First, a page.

The Federal Trade Commission Thursday issued a proposed consent order with Microsoft Corp. over complaints that the company falsely represented the security and privacy provisions in its Passport family of services.
As part of the order, Microsoft must submit to a bi-annual review of its security program for Passport by an independent third party. The order also would prohibit the company from making any further misleading statements about its policies and procedures. It also requires Microsoft to implement and maintain a comprehensive security program for the Passport services.
During a year-long investigation into the Passport service spurred by a complaint filed by the Electronic Privacy Information Center, the FTC found that Microsoft, of Redmond, Wash., not only misrepresented the level of security afforded by its services, but that it also collected more consumer information than it said it would.
“We believe that Microsoft made a number of misrepresentations,” said Timothy Muris, chairman of the FTC in Washington. “When you make security promises, or privacy promises, as Microsoft did, you have to keep them. We thought they were deceptive.”
Passport is an online single sign-on service that allows users to carry their security credentials from one site to another. Its affiliated Wallet service stores user credit card numbers for easy access during online purchases. There is also a Kids Passport service, which the FTC said didnt give parents the promised amount of control over how much personal information sites collected on their children.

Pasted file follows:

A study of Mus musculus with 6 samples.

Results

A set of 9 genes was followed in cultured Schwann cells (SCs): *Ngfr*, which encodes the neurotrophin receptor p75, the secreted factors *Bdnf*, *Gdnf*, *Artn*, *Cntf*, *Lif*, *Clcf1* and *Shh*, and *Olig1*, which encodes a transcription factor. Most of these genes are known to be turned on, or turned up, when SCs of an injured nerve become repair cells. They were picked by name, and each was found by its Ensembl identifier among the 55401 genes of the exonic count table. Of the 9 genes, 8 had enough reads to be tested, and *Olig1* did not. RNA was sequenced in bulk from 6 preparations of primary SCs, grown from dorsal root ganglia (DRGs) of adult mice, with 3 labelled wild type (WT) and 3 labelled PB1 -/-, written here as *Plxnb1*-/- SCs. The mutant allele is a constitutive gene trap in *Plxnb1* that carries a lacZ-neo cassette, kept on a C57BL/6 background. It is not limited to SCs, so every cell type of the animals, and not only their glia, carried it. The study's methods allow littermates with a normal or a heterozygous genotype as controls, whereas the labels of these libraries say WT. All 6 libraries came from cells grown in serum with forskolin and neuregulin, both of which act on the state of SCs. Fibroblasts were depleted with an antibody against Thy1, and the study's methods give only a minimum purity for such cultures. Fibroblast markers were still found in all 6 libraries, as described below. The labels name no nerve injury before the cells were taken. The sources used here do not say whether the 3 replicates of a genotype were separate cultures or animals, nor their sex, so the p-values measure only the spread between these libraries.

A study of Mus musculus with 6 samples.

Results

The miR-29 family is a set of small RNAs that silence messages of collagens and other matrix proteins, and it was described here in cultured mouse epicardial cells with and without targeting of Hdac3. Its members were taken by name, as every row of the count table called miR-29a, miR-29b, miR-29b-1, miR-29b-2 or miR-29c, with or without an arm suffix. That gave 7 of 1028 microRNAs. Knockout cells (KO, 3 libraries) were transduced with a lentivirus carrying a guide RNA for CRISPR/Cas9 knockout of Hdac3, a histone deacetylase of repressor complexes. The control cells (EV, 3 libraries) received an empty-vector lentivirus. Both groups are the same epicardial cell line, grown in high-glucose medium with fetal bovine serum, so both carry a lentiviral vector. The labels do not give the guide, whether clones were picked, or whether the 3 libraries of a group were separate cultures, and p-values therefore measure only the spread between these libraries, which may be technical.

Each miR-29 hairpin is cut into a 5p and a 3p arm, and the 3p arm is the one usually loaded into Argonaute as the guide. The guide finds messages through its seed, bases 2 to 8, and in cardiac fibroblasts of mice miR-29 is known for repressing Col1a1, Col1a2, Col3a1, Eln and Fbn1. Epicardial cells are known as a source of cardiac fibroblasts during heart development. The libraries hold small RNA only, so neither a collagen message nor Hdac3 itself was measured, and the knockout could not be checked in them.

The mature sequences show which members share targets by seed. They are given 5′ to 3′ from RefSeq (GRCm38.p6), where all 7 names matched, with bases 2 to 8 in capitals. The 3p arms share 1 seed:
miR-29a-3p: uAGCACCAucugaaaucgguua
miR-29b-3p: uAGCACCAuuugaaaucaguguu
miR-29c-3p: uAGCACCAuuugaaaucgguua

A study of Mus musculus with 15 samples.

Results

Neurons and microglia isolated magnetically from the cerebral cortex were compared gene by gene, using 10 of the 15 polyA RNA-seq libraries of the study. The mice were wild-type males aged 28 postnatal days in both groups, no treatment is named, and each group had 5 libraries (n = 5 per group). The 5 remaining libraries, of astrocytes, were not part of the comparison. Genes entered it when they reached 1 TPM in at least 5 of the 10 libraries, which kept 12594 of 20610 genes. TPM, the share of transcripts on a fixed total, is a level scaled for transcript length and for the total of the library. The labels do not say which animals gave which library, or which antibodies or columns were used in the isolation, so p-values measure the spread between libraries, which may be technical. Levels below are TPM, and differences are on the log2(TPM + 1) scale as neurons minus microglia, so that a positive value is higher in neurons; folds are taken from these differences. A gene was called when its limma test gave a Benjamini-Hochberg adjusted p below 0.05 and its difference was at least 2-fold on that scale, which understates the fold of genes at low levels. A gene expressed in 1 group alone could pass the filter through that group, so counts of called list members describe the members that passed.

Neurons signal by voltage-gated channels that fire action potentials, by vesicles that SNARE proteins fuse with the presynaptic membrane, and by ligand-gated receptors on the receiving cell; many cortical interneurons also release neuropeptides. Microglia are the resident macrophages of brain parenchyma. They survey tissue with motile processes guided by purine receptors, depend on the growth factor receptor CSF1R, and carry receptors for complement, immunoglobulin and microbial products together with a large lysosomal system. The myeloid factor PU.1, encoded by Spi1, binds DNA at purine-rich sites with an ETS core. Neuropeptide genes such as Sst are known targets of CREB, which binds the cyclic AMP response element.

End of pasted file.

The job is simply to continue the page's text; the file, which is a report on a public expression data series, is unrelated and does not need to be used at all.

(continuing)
As part of the order, the FTC can do an independent review of Microsofts security and privacy procedures, in addition to the third-party review.
“We got the relief we wanted and feel that its a strong order,” Muris said.
The order is out for public comment until Sept. 9, after which the FTC will vote on whether to make it final.
Were Microsoft to violate the order, it could incur penalties of $11,000 per violation, per day, Muris said.
“Clearly the FTC is setting a high bar when it comes to security and privacy,” said Brad Smith, Microsoft senior vice president and general counsel. “Security that seemed reasonable when we launched Passport in 1999 doesnt seem so now. Weve learned from our dialogue with the FTC.”
Microsoft officials will further respond to the FTCs action at a press conference later today.